Dan went for an arm first. He grabbed just above the elbow, but with wrestler instinct Harding pulled away from the danger. Again Hodge went for the arm and again Harding started to pull back, but he had made his mistake. He had allowed his leg to get in too far and Dan snagged it below the knee. Harding's backward momentum tripped him and he went down, Dan on top and in control. Harding scrambled frantically to get belly-down, to keep shoulders as far from the mat as possible. But Hodge was too strong. As Harding twisted, Dan moved with him, gained a clasping double grapevine with his legs, and began to apply constrictor pressure.
Now Harding was powerless from the waist down, and on his back. The double bar arm was easy: both of Harding's arms were forced up over his head in agonizing parallel, squeezed and held viselike—not the "punishment" hold of pro wrestling but a preliminary in Dan's book to the pin. Then Dan increased the grapevine pressure. The muscles where shoulders make a V at the base of the neck bunched. His legs stiffened and he pushed down, down, down. All his strength was focused against the man beneath him, striving for the moment when a wordless surrender passes to him from his opponent—when resistance is gone and muscles relax.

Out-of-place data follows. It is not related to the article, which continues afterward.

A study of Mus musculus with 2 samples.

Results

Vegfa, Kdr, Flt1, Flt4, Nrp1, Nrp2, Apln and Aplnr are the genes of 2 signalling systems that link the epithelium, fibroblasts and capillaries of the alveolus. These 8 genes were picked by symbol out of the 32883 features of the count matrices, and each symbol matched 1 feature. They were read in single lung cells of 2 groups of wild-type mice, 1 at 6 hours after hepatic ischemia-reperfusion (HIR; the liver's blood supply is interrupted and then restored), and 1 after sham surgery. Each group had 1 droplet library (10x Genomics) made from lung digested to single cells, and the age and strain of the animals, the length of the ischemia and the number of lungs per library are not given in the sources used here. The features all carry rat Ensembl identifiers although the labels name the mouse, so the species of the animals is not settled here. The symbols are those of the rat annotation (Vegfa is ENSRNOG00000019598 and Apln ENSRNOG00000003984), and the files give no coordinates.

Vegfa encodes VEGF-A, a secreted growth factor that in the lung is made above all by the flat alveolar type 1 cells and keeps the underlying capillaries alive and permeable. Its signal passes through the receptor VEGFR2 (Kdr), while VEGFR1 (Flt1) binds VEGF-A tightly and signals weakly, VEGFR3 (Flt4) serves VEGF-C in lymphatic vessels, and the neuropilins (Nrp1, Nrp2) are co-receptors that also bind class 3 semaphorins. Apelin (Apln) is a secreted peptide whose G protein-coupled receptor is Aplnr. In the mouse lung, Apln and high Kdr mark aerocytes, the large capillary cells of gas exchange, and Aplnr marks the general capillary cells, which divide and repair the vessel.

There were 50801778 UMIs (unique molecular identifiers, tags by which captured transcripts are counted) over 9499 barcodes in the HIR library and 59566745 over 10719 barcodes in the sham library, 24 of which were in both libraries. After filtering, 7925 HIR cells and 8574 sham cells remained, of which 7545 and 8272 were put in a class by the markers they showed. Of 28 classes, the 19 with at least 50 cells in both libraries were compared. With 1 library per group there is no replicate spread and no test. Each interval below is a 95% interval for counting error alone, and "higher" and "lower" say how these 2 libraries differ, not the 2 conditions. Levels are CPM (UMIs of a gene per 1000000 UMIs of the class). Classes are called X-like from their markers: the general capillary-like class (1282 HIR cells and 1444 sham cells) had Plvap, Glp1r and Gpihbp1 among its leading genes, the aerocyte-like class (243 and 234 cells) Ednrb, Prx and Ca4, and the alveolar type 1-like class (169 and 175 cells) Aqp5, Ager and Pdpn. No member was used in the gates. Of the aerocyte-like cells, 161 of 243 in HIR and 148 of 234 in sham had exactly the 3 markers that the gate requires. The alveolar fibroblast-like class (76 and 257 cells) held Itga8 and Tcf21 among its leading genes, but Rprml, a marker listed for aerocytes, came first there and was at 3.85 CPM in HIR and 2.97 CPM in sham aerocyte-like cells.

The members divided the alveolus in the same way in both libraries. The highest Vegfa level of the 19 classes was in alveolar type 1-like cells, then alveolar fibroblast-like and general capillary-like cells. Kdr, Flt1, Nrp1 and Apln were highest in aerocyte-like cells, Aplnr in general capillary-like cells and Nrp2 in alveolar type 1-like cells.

Now the sequence of motion on the white square was very nearly complete. Harding's eyes bulged and he gasped for air like a man drowning. He resisted for only a second or so.
Then it was over and Dan Hodge stood in the middle of the white square, his arm raised in victory. It had taken 50 seconds.
Then came the congratulations.
His wife Delores hugged him and beamed.
Two high school officials offered him coaching jobs which he refused.
"You're the greatest wrestler I ever saw," one of them said.
The small fry were solemn, awed. "Mr. Hodge, I'd just like to shake your hand," they said.